In the new world of machine-learned strategies, most algorithms use a switching mechanism to change algorithms as regimes shift. Given that deep learning is based on the neural basis of human decision making, it helps to consider how such human decision making changes depending on the context. For example, in the midst of market panic, traders think and behave very differently than in the midst of a gradual bull market. A network that generalizes information like a human mind under stress will behave superiorly during a market panic. However, when markets are quiet, a more complex network architecture can ascertain the nuances of information flow and price behavior. Research supports the use of such regime-dependent approaches in more primitive forms (e.g., switching from value to momentum strategies depending on the VIX level).
With the recent explosion of such machine-readable and granular data sets, deep learning is better able to show its value. To support the surge of interest in applying machine learning to vast financial datasets, a new ecosystem - including data such as the TRMI - has arisen.
Elijah DePalma, Senior Quantitative Research Analyst at Thomson Reuters, analyzed the millisecond impact of the nonfarm payrolls (NFP) on the U.S. dollar future contract (DXZ4) on one day—December 5, 2014. A minutely chart of the December dollar index future contract below shows that the price impact is nearly instantaneous with the news release.
SOURCE: Courtesy of Elijah DePalma, Senior Quantitative Research Analyst at Thomson Reuters
Dr. DePalma notes that on December 5, 2014, $5.7 million of USD contracts (DXZ4) were traded within 63 milliseconds of the NFP release, and $29 million was transacted within 100 milliseconds.
Information that is not numerical (as Nonfarm payrolls is) that is conveyed in text is more difficult to measure. MarketPsych’s expertise in text analytics allows us to tackle the non-numerical side of information flow – the concepts that influence and bias investors. Our sentiment-based data feed allows us to deeply understand how information causes herding, and when it doesn’t. This feed is called the Thomson Reuters MarketPsych Indices, and it is consumed by the world’s largest quant funds and banks for trading and risk applications.
Before the premiere of her first reality TV show - a show called The Simple Life, set on a farm - Paris Hilton was a little-known American socialite. Little-known, that is, until someone released an amateur sex tape of her and her then-boyfriend three weeks before the premiere of the show.
There's no such thing as bad publicity.
~ Associated with P.T. Barnum, the 19th century American showman and circus owner
Despite the painful inanity of The Simple Life and the crassness of releasing a sex tape 3 weeks before her show’s premiere, Hilton became a media star and a business success who is now worth around $100 million (per Wikipedia).
Any publicity - even the moral outrage over a (probably deliberate) sex tape release - was good publicity for her brand. Hilton’s strategy was later repeated by Kim Kardashian and most recently Donald Trump (minus the tape, so far).
There's nobody in the world like me. I think every decade has an iconic blonde, like Marilyn Monroe or Princess Diana and, right now, I'm that icon.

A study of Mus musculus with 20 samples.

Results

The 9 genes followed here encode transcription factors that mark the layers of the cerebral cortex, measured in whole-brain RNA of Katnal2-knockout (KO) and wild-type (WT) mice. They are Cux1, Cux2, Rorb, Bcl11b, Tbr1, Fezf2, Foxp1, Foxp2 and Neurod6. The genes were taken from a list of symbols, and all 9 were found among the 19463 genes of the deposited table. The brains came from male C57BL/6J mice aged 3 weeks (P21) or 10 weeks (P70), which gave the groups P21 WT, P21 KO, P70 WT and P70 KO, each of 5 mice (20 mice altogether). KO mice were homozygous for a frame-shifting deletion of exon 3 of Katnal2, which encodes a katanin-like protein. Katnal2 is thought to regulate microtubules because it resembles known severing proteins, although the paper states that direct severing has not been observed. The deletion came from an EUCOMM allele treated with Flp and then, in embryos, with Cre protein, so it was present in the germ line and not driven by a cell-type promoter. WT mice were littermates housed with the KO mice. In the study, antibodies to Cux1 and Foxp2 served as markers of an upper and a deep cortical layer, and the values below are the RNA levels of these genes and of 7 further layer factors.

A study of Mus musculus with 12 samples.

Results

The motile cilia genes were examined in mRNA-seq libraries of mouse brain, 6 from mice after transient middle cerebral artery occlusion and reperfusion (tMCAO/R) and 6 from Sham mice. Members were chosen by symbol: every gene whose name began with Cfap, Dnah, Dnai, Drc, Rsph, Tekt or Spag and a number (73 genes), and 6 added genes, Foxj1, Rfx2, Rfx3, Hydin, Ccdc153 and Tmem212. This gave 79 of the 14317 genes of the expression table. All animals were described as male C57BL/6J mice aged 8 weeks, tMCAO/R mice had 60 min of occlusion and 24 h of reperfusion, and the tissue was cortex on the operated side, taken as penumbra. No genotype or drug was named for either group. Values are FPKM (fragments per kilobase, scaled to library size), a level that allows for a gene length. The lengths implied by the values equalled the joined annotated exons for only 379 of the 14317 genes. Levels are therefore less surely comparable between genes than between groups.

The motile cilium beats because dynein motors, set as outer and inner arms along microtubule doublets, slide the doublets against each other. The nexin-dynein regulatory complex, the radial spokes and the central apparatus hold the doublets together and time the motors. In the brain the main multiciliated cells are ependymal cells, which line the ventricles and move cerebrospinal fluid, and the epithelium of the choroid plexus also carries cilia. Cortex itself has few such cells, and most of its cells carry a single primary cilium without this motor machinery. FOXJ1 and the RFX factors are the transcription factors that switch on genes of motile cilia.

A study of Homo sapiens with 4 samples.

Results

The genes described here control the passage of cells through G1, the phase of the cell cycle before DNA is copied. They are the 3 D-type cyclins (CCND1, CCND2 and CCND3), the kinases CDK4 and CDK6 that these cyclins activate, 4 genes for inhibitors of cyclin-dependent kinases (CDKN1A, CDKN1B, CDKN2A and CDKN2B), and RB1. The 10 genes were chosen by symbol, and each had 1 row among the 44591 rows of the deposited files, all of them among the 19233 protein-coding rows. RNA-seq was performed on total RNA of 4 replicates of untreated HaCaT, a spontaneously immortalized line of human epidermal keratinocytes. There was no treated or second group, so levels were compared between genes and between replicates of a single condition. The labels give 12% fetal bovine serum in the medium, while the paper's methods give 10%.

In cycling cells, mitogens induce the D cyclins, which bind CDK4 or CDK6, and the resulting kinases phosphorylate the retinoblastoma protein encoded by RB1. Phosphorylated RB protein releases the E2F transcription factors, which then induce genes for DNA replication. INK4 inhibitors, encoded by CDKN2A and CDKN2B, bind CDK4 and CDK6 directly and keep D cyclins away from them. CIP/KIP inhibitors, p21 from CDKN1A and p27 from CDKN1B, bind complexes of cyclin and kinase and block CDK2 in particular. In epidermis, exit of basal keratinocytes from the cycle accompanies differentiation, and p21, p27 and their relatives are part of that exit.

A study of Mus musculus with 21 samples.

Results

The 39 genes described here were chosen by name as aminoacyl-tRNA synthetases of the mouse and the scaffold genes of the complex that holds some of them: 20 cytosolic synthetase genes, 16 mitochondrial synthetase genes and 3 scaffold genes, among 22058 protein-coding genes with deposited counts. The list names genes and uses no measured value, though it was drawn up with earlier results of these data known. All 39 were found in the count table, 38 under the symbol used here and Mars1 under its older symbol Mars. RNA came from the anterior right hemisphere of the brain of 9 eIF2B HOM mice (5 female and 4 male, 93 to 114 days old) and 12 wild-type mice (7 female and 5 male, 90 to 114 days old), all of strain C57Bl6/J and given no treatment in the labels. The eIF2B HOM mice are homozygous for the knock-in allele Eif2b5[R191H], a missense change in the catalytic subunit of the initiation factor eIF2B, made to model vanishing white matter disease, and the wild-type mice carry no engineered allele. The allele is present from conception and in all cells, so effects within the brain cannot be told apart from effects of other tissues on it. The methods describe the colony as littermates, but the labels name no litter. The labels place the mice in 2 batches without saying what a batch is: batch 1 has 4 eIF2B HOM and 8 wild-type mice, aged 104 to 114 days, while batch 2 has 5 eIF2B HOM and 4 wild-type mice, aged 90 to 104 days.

~ Paris Hilton
If a strategy of grabbing media attention with morally outrageous acts boosts celebrity brands and sways voting patterns, might media attention to companies also boost stock prices? Today’s newsletter looks at the power of attention to drive stock returns. While celebrities appear to be boosted by publicity - any type of publicity - studying the repeating effects of media attention on stock prices reveals more nuanced but similarly broad patterns over time. But before diving into that, a quick plug for our book, launching this month!
In general, statistical analysis of price patterns demonstrates the existence of two opposite sentiment-based patterns in financial prices: overreaction (e.g., panic bottoms and blow-off tops) and underreaction (e.g., trends). The concepts of underreaction and overreaction refer not only to patterns of prices but also to the collective investor reactions to information that fuel such patterns.
Daniel Plainview (played by Daniel Day Lewis): Are you envious? Do you get envious?
Henry Brands: I don't think so. No.
Daniel Plainview: I have a competition in me. I want no one else to succeed. I hate most people.
Henry Brands: That part of me is gone... working and not succeeding- all my failures has left me... I just don't... care.
~ There Will be Blood (2007)
As most of our readers are aware, in partnership with Thomson Reuters MarketPsych derives and distributes the Thomson Reuters MarketPsych Indices (TRMI), representing a real-time quantification of emotional and macroeconomic references in the media to 8,000 companies, 52 stock indexes, 32 currencies, 35 commodities, and 130 countries. When the sentiments extracted from such text are statistically analyzed alongside historical price data, insights emerge into how such information moves crowds of investors and prices themselves. Oil is one of the more sentiment-driven asset, based on our testing.
Today's newsletter explores social frustration, affluenza, underreaction in the S&P 500, and more to the point of behavioral economics, science-based evidence on how to change society for the better. As usual, it's a long newsletter, and we recommend skipping ahead to sections of interest.